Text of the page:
A Blog by Jonathan Low

 

Feb 25, 2017

Research: Wearable Fitness Devices Don't Help You Lose Weight - Or Make You Fitter

But if they make you more active and  feel better about yourself cuz you think you look cool wearing one, what the heck...JL

Aaron Carroll reports in the New York Times:

At the end of the two years, which is pretty long for a weight loss study, those without access to the wearable technology lost an average of 13 pounds. Those with the wearable tech lost an average of 7.7 pounds. (And) those who employed the technology were no more physically active than those who didn’t. They also weren’t more fit.
I once received a lot of blowback for an Upshot article in which I showed (with evidence) that exercise is not the key to weight loss. Diet is. Many, many readers cannot wrap their head around the notion that adding physical activity, and therefore burning more calories, doesn’t necessarily translate into results on the scale.
Well, here we go again because some of those folks also believe that fitness devices — Fitbit, Vivosmart, Apple Watch — must be helpful in losing weight. Unfortunately, evidence doesn’t support this belief either.
For some time, people have been trying to prove devices like these succeed in promoting weight loss. In 2011, a study compared four groups getting a mixture of behavioral weight loss programs and use of an armband that measured activity and energy expenditure. All the intervention groups lost weight, but those with behavioral programs and technology lost the most. The sample size of each group (fewer than 50) and the large dropout rate of the study should temper enthusiasm, though. The sample was also mostly female, and more than three-quarters of them had college degrees, so the results may not be entirely generalizable.
In 2015, another study, the PACE-Lift trial, was also inconclusive. Researchers randomly assigned 250 people ages 60 to 75 to one of two groups. The first group received four physical activity consultations from primary care nurses over three months; a pedometer; and a physical activity diary. The other received “usual care.” All patients were given accelerometers to measure their activity, although only the control group saw the results. One year later, those in the pedometer group were taking an average of about 600 more steps per day, and had about 40 more minutes of activity a week.
But it’s hard in a trial like this to know how much of that was because of the pedometer and the feedback, and how much was because of the nurse visits and coaching.
What was needed was a large, well-designed study that truly teased out the contribution of wearable tech to weight loss programs. Last year, the results of such a study, the IDEA trial, were published.
The trial took place at the University of Pittsburgh between 2010 and 2012, and it involved more than 470 adults between the ages of 18 and 35. All of them were put on a low-calorie diet, had group counseling sessions and were advised to increase their physical activity. Six months into the intervention, all were given telephone counseling sessions, text-message prompts and study materials online.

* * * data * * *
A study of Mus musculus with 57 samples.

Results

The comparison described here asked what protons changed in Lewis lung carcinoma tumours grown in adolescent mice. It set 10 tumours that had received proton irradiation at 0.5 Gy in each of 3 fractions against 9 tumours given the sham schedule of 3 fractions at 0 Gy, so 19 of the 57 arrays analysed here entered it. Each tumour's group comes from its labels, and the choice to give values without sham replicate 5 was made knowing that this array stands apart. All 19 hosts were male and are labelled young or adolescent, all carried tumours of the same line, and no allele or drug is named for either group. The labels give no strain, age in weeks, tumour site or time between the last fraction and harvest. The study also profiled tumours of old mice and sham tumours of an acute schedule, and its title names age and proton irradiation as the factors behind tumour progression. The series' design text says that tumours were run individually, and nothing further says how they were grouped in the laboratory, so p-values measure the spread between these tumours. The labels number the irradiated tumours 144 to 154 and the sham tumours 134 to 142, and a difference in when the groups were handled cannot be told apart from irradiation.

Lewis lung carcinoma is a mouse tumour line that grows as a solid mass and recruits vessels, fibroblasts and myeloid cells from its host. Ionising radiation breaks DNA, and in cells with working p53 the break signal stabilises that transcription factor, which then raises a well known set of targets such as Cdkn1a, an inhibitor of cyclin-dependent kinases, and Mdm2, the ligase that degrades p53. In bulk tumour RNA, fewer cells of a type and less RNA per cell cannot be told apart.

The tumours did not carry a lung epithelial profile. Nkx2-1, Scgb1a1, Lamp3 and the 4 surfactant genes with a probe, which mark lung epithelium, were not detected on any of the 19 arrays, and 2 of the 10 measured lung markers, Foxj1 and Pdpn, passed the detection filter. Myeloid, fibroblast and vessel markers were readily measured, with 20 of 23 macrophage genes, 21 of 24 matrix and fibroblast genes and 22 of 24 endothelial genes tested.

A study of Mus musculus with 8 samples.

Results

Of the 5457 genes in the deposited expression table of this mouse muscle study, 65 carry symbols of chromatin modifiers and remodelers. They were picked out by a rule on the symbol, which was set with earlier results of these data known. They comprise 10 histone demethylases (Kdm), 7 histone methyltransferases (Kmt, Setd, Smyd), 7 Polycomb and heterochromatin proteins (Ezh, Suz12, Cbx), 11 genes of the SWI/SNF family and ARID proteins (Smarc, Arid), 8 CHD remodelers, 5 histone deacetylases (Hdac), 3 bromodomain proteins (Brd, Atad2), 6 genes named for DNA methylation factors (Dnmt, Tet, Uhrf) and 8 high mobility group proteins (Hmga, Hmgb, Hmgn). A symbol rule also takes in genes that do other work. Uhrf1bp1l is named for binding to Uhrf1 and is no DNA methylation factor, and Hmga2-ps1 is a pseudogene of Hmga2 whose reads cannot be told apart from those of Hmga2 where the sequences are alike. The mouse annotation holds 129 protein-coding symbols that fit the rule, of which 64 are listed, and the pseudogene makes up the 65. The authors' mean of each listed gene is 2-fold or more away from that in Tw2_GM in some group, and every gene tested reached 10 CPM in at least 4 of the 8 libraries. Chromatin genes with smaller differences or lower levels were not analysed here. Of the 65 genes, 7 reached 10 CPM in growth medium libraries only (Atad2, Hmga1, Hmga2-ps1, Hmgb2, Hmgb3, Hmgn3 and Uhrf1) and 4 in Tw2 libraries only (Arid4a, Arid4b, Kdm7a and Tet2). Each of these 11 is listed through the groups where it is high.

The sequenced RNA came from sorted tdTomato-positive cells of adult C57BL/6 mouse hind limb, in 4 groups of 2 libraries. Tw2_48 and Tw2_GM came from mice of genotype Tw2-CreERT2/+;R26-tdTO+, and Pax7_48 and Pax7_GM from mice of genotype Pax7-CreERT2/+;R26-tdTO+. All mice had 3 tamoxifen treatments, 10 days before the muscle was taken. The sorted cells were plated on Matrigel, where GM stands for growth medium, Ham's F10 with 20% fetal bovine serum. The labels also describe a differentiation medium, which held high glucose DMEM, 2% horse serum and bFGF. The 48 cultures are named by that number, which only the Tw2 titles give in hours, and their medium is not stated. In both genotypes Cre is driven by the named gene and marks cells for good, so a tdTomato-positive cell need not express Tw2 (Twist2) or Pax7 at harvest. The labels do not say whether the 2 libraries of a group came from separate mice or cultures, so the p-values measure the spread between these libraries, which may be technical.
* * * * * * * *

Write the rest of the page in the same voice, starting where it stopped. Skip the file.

At that time, though, half were also given wearable tech devices that monitored their activity and connected to a website to help provide feedback. All participants were followed for 18 more months.
At the end of the two years, which is pretty long for a weight loss study, those without access to the wearable technology lost an average of 13 pounds. Those with the wearable tech lost an average of 7.7 pounds.
It’s hard for many to accept, so I’m going to state the results again: Those people who used the wearable tech for 18 months lost significantly less weight than those who didn’t.
You may rightfully point out that the primary reason to wear the devices isn’t to lose weight — it’s to be more active. But even in this respect, it didn’t work nearly as well as we might hope. In the IDEA trial, those who employed the technology were no more physically active than those who didn’t. They also weren’t more fit.
Many new technologies, and dietary supplements and new diets, are sold to the public with little actual research behind them. Wearable technology to encourage fitness is no different. Somehow, in the past few years, it has become collectively understood that we need to take 10,000 steps a day. But there’s no magic behind that number. There’s no reason to believe that hitting this arbitrary goal is somehow life-changing.
Exercise is worthwhile for its own sake. Of course, many people can enjoy using wearable tech without tying it to weight loss goals. I have owned a Fitbit, a Nike FuelBand and an Apple Watch. I still wear the watch because I like many of its features. When I first bought it, I liked how it tracked my daily 30 minutes of physical activity and reminded me to stand up every so often.
But I realized over time that I didn’t really need it. After some months, getting 30 minutes of activity a day (the recommended amount) became part of my routine. I learned to be more mobile and less sedentary. I didn’t need the precision or the reminders anymore.
It’s possible that the devices helped me make physical activity part of my regular routine. It’s possible that they provided a benefit. But my experience is just an anecdote, and there’s no counterfactual to help figure out whether I’d have become more active without the devices. For that, we’d need a trial. The ones that exist (like the IDEA trial) argue that the devices don’t make people exercise more.
They don’t seem to hurt, though. Other than costing money, there’s no harm in seeing if it might improve your activity over time. But if your goal is weight loss, then you might think twice about using such a device. The evidence suggests that you may do better without one.